Here at ACST, our mission and vision are more than mere statements on our website and letterhead. Our aim is to constantly bring these aspirational statements to life in our classrooms, corridors and play areas. Our mission “Opening doors, hearts and minds” can be explained in three parts. Firstly it is our intention to provide your child/ren with all of the opportunities that an American-based education can provide–literally to open doors by way of the learning experiences we provide. This is particularly true in the Elementary School where our aim is for every student to experience a whole range of learning experiences, in academics, art, physical education, music and world languages. Secondly we want to “open our students’ hearts”; we want them to grow and develop into great people who are compassionate, kind and respectful. Lastly we see it as our mission to ‘open their minds”. We want each student to be a thinker and a learner, capable of problem solving and in-depth understandings. Similarly the school’s vision which states that “The American Cooperative School of Tunis will inspire a passion for learning, while endowing students with the expertise and confidence necessary to pursue dreams in and for a global society,” is the cornerstone of all that we aim to achieve. It is vitally important that our actual daily practice aligns with these statements.
In the Elementary School, we believe that one way that we can achieve both the mission and vision of ACST is to ensure that each student is learning at just the right level for them. The Russian psychologist Lev Vygotksy in the early nineteenth century developed a concept called the zone of proximal development, often now referred to as ZPD. His idea was that the best learning occurs for anyone when they are operating in a zone that is just a little ahead of where they are operating independently. An example of this would be a child who can read books at a certain level needs to be instructed at a level slightly ahead of this. They are being challenged but not stretched so far that it is impossible for them to function. With help and support from a coach or teacher, they will constantly be ‘in the learning pit’. What this means is that within a class of children who are around the same age as each other, there are many different levels of achievement. Twenty children can all be in Grade 2 but they can be operating at 5 different levels. It is the teacher’s role to work out how the teaching program can be organized so that each child is being “stretched” at just the right level for them.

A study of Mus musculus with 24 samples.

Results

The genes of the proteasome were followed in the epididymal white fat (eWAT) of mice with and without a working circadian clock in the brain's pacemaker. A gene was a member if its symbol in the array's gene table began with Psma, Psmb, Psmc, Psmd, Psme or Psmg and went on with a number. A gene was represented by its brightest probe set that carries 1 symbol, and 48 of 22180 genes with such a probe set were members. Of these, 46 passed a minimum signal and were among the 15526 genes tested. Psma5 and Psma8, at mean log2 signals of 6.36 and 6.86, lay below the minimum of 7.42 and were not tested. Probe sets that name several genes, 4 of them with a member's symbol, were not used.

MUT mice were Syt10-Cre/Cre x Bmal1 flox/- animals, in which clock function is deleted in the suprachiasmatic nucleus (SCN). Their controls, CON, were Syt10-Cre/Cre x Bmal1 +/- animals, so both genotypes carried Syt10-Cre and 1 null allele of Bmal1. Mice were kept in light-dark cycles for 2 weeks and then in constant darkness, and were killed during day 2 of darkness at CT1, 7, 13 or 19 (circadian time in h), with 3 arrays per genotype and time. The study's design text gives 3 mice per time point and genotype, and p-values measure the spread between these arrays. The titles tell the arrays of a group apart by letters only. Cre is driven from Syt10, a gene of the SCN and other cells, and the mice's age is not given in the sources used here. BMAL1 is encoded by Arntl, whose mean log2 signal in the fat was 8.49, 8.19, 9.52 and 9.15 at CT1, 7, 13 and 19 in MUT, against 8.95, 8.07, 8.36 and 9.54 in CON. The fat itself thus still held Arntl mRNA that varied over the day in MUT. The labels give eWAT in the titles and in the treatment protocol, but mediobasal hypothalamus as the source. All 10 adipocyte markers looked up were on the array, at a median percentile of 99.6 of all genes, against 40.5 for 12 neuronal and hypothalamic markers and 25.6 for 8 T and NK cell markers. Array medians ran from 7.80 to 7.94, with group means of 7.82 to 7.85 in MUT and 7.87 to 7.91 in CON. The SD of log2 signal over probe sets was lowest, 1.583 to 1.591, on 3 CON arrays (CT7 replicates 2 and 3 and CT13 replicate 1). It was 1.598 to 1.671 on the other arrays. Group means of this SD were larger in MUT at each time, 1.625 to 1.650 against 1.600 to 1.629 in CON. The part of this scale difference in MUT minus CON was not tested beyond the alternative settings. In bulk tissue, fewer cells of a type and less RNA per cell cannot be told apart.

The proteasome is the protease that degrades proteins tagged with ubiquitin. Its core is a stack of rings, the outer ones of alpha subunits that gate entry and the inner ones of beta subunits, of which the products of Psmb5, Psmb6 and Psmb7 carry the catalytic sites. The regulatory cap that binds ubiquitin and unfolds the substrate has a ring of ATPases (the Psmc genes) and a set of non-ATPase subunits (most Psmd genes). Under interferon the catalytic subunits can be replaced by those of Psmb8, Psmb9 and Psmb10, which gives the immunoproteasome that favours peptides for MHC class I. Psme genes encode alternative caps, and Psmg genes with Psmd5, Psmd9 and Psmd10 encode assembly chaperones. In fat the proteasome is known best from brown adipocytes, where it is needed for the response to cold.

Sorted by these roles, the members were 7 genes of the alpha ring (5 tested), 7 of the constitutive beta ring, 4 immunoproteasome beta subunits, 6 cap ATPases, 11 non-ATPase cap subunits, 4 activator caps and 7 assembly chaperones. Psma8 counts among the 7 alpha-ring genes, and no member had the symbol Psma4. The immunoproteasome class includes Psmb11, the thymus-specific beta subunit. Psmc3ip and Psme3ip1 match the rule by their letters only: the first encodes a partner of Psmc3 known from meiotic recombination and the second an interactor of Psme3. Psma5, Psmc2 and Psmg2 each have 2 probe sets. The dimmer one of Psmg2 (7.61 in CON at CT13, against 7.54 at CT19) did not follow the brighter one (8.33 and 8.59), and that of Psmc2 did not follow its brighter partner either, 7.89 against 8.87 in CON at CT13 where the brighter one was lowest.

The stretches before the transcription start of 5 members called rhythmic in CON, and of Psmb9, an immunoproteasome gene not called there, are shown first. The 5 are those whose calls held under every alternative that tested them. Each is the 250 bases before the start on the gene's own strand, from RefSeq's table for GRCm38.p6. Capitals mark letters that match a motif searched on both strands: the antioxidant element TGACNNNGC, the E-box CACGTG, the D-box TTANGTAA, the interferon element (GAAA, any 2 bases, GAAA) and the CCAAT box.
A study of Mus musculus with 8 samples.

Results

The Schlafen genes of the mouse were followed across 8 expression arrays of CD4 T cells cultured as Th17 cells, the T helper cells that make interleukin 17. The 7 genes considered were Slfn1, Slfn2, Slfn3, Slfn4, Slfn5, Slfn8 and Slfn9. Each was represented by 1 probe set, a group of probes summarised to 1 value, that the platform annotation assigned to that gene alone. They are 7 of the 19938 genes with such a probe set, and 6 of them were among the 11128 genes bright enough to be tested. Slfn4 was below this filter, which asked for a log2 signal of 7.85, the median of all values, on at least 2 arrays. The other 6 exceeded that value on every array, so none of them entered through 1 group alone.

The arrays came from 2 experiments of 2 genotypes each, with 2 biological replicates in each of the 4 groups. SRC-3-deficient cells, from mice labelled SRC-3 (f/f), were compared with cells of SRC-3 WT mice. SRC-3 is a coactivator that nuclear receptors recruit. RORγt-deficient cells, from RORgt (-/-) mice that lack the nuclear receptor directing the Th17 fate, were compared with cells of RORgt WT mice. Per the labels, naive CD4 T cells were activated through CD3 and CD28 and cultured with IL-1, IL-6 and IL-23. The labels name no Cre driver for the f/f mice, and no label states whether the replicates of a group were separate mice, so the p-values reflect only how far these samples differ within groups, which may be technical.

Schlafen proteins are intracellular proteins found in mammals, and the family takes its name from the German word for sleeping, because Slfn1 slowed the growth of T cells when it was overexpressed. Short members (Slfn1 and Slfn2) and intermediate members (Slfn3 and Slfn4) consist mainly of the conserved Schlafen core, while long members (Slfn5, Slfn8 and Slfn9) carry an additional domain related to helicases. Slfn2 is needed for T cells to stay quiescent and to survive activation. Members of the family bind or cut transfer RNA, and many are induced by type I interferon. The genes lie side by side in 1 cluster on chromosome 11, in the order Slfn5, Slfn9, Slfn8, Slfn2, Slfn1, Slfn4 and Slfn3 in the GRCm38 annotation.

This year, we are organizing our learners into groups or classes that are named by their room number and also communities of these classes. Three classes make up a community and each of the communities are to be named after a ‘migrating bird of Tunisia”. Our PK classes are to be called the flamingoes, our Kinder/Grade 1 class the tawny owls, the Grade 2 and 3s the cranes and lastly the Grade 4 and 5s the hummingbirds. All of a student’s learning will happen within the community that they are in, however they could very well be learning in three different classes across three different curriculums within one school day. For example they may be with their own teacher for reading and a different teacher for math. Our overall aim is to ensure that each child is grouped with others of the same level so that they are working within their ‘zone of proximal development”. We want all of our students to be stretched and/or supported according to their individual needs.
At ACST, your child’s growth both academically and as a potential global citizen of the world is our ‘core business”. We do not want school to be ‘too easy’ or “too hard”–it needs to be “just right” for each individual.